Kokayne Byear

“One of the things that disappointed me most about the movie was that despite the title there was no cocaine or bears. It was in fact, a French art flick which had been horribly mislabeled.” 

 

There is value in dumb fun. “Cocaine Bear” is exactly what it says on the tin, and that’s what makes it a damn good time. A brief synopsis: set in the ’80s in a Southern forest, the primary motivation for the cast is either to escape or get their hands on cocaine (or the cocaine dealers), and oh I almost forgot, it has a bear fueled by cocaine.

 

The eponymous bear is a goddamn furry Terminator; bursting through walls, outrunning speeding vehicles and ripping apart anyone who stands in the way of the pure white snow. While director Elizabeth Banks may have missed the opportunity for the Christmas movie of a lifetime (cocaine and snow go together like polar bears and Coke), the movie channels the spirit of the 1980s to the fullest.

 

The first two acts are mostly well written and paced. There’s a lot of funny dialogue and setup between our soon-to-be victims as they head toward Blood Mountain, the site of the cocaine drop. A lot of the strongest parts come off in interactions between “awkward couples”: an amorous ranger flirts with her clueless boss, a hapless drug dealer struggles to motivate his depressed friend, a headstrong kid and her hesitant best friend try cocaine for the first time. The action is well staged, and there’s a certain grim slapstick about many of the kills that reminds me of the better “Friday the 13th” iterations.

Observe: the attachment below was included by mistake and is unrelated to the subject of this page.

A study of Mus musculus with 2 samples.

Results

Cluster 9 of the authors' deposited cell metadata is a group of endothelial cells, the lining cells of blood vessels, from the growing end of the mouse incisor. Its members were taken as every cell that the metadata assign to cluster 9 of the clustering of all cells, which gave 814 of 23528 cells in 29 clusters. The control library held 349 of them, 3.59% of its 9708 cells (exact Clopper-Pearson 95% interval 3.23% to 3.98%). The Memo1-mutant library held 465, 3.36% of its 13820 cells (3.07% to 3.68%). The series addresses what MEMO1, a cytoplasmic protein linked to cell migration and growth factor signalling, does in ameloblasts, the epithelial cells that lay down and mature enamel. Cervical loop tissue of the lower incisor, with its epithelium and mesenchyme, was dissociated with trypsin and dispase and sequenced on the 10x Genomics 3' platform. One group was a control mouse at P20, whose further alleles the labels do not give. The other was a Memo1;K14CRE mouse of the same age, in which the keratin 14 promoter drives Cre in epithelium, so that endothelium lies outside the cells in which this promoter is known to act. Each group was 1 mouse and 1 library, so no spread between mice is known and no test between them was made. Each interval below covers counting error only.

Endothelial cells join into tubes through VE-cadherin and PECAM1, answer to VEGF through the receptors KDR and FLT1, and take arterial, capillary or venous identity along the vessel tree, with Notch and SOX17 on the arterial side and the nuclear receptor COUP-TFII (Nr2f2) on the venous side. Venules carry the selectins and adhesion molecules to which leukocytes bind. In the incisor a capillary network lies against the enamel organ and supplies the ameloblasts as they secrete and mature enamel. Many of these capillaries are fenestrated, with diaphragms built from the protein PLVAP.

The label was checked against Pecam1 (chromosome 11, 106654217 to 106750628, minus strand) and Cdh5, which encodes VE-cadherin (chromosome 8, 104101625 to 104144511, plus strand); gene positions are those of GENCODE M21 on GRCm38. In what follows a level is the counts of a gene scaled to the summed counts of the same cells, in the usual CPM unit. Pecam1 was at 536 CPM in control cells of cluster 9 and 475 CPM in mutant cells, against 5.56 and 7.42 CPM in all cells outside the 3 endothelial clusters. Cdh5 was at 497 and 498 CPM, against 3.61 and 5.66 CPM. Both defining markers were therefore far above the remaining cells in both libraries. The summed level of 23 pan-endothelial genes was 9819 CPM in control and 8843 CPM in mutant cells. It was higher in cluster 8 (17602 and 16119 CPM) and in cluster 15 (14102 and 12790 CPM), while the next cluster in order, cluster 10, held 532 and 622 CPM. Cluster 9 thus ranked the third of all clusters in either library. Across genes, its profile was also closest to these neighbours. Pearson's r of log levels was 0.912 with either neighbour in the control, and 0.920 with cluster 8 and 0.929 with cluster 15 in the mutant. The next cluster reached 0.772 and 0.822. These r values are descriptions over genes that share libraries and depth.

However, in the second act, you’ll find yourself screaming at the characters to just shoot the goddamn bear, but it mostly holds together. After the explosive conclusion of the second act with the ambulance scene, this movie does slow down. At a certain point, my roommate almost burst his bladder while watching the unexpectedly slow third act, as if the director realized she was running out of characters to kill. Additionally, as a whole, the film felt more vaguely Southern than actually rooted in place. 

 

I would rate this movie a 7/10—you get what you came for. I look forward to seeing future spinoffs in the extended cocaine-verse: “Meth Manatee,” “Fentanyl Fox,” and “Ketamine Shark.”

 

Fun fact: The taxidermied corpse of the “Cocaine Bear” resides in the Kentucky for Kentucky Fun Mall, where it can legally officiate weddings—the catch being, you and your fiance must believe it can marry you for it to count under Kentucky law. Unfortunately, dear reader, my girlfriend has declined to be married by the Bear, a case of flagrant speciesism of the highest degree.